Gone are the days of photocopying and filing, our interns roll up their sleeves and get straight to work.

Over the summer 39 university students and recent graduates joined Corrections as part of our summer internship programme, and ten have stayed on in various contracts.Corrections Interns.

“We’ve had some fantastic people taking part in our internship programme this year. We’re thrilled some of them are staying on with us in both full-time and part-time capacity. As well as this being our largest cohort to date we’re really proud to offer the most internship placements across the entire public sector,”’ says Kim Sperry, Principal Adviser National Recruitment Projects, who manages the intern programme.

During the three-month programme the interns worked across a range of teams, from Finance to the High Risk Response Team, depending on their area of study.

“Interns play a really valuable role in our day-to-day work and they take part in compelling projects which complement their studies, such as our Gang and Women’s strategies.”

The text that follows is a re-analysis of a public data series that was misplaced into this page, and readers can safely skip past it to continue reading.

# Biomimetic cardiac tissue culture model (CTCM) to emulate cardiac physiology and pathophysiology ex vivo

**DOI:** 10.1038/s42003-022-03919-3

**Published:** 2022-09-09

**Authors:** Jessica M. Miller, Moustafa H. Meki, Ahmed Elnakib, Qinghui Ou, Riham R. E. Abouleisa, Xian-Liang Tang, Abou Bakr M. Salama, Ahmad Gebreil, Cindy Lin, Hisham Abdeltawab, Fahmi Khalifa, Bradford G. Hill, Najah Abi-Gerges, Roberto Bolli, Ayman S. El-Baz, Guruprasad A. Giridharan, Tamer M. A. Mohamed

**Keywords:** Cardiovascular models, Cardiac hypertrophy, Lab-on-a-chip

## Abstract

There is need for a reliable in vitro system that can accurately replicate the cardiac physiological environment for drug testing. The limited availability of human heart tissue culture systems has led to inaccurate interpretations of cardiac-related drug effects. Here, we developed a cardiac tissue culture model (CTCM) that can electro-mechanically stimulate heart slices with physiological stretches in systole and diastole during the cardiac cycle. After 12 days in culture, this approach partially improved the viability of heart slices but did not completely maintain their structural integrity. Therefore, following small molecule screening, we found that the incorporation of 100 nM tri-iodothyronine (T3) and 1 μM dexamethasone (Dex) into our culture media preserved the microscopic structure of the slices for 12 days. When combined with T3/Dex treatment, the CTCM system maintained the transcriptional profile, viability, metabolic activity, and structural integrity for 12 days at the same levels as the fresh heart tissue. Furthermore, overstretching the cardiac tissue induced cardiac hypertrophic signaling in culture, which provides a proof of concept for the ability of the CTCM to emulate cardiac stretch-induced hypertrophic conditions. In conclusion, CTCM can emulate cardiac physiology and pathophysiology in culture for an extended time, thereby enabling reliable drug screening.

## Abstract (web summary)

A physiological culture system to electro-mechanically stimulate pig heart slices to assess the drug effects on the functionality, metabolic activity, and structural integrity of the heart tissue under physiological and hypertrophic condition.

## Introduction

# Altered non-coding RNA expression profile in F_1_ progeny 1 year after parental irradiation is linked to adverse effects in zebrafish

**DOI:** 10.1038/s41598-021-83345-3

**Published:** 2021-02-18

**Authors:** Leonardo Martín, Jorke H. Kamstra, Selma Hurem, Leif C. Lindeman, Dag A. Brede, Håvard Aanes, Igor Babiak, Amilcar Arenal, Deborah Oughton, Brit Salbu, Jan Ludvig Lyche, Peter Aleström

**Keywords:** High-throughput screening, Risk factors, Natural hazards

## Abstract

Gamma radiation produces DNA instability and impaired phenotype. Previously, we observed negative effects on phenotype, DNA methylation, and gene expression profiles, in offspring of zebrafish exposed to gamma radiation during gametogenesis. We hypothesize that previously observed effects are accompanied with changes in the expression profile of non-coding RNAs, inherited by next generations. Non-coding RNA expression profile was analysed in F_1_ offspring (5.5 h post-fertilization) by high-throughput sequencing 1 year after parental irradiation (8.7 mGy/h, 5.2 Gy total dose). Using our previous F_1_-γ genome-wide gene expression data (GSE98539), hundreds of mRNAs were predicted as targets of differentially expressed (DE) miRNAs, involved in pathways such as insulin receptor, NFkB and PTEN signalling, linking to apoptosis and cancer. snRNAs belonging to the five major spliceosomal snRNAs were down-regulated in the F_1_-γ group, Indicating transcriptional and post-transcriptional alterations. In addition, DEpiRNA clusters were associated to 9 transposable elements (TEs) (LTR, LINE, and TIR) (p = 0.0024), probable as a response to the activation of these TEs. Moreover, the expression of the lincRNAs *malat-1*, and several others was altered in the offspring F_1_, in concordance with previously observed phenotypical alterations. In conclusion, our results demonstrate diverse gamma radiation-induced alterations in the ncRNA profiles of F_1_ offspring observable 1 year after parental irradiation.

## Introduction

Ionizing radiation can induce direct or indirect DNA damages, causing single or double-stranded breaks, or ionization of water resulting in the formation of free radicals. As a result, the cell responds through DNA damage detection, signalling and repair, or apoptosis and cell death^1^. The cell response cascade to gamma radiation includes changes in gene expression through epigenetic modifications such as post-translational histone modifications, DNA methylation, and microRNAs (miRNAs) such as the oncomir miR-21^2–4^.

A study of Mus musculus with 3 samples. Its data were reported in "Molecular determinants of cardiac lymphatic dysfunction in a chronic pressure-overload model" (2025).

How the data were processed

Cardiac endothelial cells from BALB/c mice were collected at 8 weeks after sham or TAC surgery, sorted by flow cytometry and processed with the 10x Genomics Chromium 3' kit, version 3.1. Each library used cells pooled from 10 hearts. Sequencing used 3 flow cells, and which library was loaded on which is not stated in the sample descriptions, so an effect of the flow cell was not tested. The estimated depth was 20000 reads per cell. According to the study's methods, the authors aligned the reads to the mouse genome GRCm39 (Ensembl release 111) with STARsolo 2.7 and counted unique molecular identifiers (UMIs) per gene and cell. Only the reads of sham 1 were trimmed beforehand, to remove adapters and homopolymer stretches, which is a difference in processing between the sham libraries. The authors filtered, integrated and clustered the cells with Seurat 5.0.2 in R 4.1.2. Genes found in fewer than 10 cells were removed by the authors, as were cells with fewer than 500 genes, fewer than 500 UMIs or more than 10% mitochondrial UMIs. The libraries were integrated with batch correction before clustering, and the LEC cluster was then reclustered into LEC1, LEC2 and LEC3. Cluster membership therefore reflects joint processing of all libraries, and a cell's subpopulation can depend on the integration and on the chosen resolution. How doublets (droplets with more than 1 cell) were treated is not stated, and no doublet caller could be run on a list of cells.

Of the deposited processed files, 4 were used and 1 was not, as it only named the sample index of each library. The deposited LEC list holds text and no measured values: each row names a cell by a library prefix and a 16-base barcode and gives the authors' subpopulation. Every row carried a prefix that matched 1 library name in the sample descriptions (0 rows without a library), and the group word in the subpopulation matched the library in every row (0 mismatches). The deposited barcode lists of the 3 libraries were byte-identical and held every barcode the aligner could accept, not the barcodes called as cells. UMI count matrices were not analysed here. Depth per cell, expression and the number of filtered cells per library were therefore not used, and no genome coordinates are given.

Ten of the young people were recruited through TupuToa, which is an internship programme that creates career pathways for Maori and Pasifika students.

“Our internship programme is a two-way street. It gives students experience working within a public sector organisation which aids their study and looks great on their CV, and helps provide them with an income over the summer.

“In turn the programme, now in its fourth year, helps us to tap into a high performing talent pool that provides a fresh perspective on the work we do. It also gives us the opportunity to expand our workforce with people that reflect the diverse communities we serve.”

Hannah McKay, studying towards a postgraduate degree in psychology at Massey University, developed a communications plan for our psychology team to increase the visibility of psychologists within Corrections during her placement.

“This has been my first experience working in an area that’s related to my degree. Working at Corrections has made me step out of my comfort zone and boosted both my skills and confidence.

“I now have a better understanding of how various facets of the Department work, and I was lucky enough to spend time in both prison and Community Corrections environments. I also really enjoyed working with psychologists from all over the country."

Hannah is now working in a full-time role in the Communications Team, alongside completing her studies.